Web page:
Food for Thought
Occasionally friends of mine will make comparisons between music and food. I find myself doing this all the time myself these days, being married to a musician who is also a fabulous cook. But is there a larger relationship that music and food both share on an immediate, visceral level? Finding out if there’s some sort of psychobiology at play here might tell us something about why certain people gravitate toward particular musical styles while other music—even though some of us might passionately love it—will never catch on with the general public.
George Steel, who heads Columbia University’s Miller Theatre, has frequently posited a correlation between gnarly music and spicy food. He’s even joked about including one to three peppers next to pieces on concert programs to warn listeners about the gnarl level of what they’re about to hear, the way some ethnic restaurant menus forewarn people about things like Sichuan pepper kernels or vindaloo. But does the analogy really hold up? Are total serialism or 96-tone equal temperament the equalivalent of habanero peppers or Thai jungle curry? Is music that is nothing but I-IV-V the sonic parallel to boiled chicken? For some folks, bland food is inedible. Is that the same as Miklós Rózsa’s claim about seeing Arnold Schoenberg cringe whenever he heard a major triad at some concert both of them attended in Los Angeles?
If harmonies are somehow akin to spice levels, perhaps timbres are equivalent to specific ingredients. Timbre is arguably the aspect of music that affects people’s internal comfort levels the most. Some folks can eat carrots no matter what the spice level is, but overdo spice on lamb and they’ll run for the nearest glass of water (which won’t help). This might be analogous to folks finding a diatonic tone cluster on a piano unsettling while they’d have no problem if the same cluster were played by a string orchestra.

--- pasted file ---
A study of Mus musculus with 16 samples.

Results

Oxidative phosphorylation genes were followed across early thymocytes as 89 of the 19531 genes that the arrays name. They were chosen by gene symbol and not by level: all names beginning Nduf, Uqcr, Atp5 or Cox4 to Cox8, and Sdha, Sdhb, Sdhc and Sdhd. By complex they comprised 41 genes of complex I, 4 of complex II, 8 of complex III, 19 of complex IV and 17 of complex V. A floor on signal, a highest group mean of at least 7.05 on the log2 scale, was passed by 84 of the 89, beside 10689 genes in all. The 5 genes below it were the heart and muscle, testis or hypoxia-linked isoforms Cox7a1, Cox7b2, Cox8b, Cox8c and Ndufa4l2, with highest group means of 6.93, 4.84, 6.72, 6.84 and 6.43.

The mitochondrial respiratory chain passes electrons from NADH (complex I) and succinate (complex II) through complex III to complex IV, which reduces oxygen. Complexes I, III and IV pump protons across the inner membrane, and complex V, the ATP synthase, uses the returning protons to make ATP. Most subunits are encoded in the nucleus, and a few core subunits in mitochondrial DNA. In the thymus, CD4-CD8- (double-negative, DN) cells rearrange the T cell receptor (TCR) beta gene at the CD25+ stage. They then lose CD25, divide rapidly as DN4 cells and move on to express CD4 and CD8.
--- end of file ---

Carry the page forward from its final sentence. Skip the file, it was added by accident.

Yet reactions to ingredients seem less determined by nurture than spice tolerance is, whereas reactions to timbre seem more culturally ingrained than reactions to specific harmonies. Some folks can’t abide cucumbers or coriander, which somehow seems more random and individual than having an aversion to harpsichords or saxophones or singers with either heavy vibrato or no vibrato at all.
Maybe, just like with food, you can’t make sweeping generalizations. Everyone’s tastes are different and ultimately equally valid. I pride myself on being able to eat almost anything, you name it: brains, tripe, bee larvae (ate it with glee in China a few months ago). And spice? Bring it on, and the hotter the better! But, for the life of me, I can’t stomach mayonnaise, mustard, or ketchup. Yuck! The very sight of them on a plate makes me want to gag. It doesn’t really make sense, but it’s a physical reaction that can’t really be rationalized. But a similar explanation might ultimately be at the root of musical tastes. I pride myself on being able to listen to just about anything, and love it all, yet I still haven’t come round to Elton John, Billy Joel, or Andrea Bocelli. Perhaps they are the musical equivalent of Hellmann’s, Gulden’s, and Heinz; at least they seem to be according to my taste buds.